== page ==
ASU hockey dropped the second game of its series with Quinnipiac in a 5-3 loss Saturday night as the Sun Devils couldn’t dig out of a 4-1 hole.
A slow start doomed the Sun Devils (7-14-5), as the Bobcats (9-12-4) took full advantage of their opponent’s mistakes.
Quinnipiac won the game through a potent power play unit, which nationally was a bottom 20 unit coming into the game.
The Bobcats received their first opportunity on the power play after a Tyler Busch tripping call. The team’s leading goal scorer, winger Alex Whelan, found twine with about 30 seconds left in the power play.
Arizona State’s only penalty kill of the night came after another Busch penalty, this time for slashing, about midway through the first period.
When asked about the lone penalty kill, Arizona State head coach Greg Powers said, “The one we got the stop on was maybe one of our worst ones…that was the one where we couldn’t get the puck out. They had almost two minutes of zone time.”
The Sun Devils’ penalty kill was underperforming all night, which Powers attributed to a lack of intensity in the penalty kill unit.
One player who seems to never lack intensity is ASU forward Dominic Garcia. The freshman scored his first collegiate goal in a bizarre ending to the second period.
When asked about the goal, Garcia said, “It felt good. It was a little short-lived since they scored probably 25 seconds after.”
Garcia’s comment was not an exaggeration. In fact, the next goal came eight seconds later when Quinnipiac winger Bo Pieper scored his eight of the year and second of the game.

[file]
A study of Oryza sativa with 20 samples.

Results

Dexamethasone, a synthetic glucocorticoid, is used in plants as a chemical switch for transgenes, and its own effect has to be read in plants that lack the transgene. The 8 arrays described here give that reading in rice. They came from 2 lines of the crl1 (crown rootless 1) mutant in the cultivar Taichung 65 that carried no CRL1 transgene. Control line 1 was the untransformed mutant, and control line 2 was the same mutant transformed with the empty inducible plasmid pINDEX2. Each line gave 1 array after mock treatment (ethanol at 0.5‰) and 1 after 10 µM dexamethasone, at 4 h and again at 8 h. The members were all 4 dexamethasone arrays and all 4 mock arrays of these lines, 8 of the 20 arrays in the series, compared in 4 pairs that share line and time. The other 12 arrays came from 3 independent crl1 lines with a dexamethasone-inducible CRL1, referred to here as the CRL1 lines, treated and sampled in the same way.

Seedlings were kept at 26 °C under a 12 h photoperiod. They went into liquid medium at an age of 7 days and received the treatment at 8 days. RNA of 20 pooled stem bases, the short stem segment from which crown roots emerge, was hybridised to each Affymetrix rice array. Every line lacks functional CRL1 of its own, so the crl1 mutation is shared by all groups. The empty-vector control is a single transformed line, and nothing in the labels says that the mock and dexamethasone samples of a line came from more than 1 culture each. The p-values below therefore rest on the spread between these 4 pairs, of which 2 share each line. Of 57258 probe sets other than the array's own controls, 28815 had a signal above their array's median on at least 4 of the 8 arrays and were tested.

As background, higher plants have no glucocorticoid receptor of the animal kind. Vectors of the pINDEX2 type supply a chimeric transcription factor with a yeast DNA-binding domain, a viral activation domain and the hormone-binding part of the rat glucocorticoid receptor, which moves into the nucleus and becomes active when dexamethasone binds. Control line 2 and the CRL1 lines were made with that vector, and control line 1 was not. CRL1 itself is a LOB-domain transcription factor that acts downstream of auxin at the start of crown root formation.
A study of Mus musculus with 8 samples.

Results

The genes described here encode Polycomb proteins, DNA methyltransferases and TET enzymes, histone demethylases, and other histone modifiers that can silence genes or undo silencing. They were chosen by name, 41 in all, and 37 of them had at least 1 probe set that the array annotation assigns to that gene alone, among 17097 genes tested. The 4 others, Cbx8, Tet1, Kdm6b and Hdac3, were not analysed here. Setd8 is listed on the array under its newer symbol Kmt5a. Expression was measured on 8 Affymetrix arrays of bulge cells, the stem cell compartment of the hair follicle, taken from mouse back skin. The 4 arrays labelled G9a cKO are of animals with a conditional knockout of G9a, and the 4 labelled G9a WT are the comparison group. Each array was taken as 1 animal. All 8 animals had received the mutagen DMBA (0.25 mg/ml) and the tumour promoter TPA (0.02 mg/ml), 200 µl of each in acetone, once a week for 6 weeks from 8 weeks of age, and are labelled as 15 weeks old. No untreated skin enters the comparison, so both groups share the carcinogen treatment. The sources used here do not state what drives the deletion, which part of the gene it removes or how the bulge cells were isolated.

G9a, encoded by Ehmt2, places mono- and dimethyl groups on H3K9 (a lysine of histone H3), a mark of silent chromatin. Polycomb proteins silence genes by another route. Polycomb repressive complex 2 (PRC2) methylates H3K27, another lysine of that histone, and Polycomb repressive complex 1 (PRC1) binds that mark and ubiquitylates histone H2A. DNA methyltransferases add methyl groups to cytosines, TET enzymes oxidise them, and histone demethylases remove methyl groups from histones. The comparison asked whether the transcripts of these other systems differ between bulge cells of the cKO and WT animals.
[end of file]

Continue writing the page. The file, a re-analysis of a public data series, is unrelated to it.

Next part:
A goal from the Bobcats’ captain, Chase Priskie, 29 seconds before Garcia’s goal made it three goals in a 37-second span in the final stages of the second period.
After the rough ending to the second period, Powers opted to start the third period with junior Ryland Pashovitz in net.
The goalie change came as a surprise to some because Daccord has carried the team in many games this season.
When asked about the change, Powers said, “Dacs didn’t have the sharpest period there in the second, and he’s going to have to be big for us against BU. So, I wanted to get Pash in and see if it would change the energy on the bench a little bit and it did.”
Powers’ decision was correct, as Pashovitz only saw two shots on goal in the third period. In comparison, Daccord faced 35 shots in the first two periods.
On the other side of the ice, the offense fired 11 shots on net, nearly matching their 12 shots on goal in the first two periods.
The Sun Devils will hope that Daccord is back to his usual self and the offense is aggressive for next weekend’s series with Boston University, which is a hockey powerhouse.
All quotes in this article were obtained firsthand by Devils in Detail unless otherwise noted.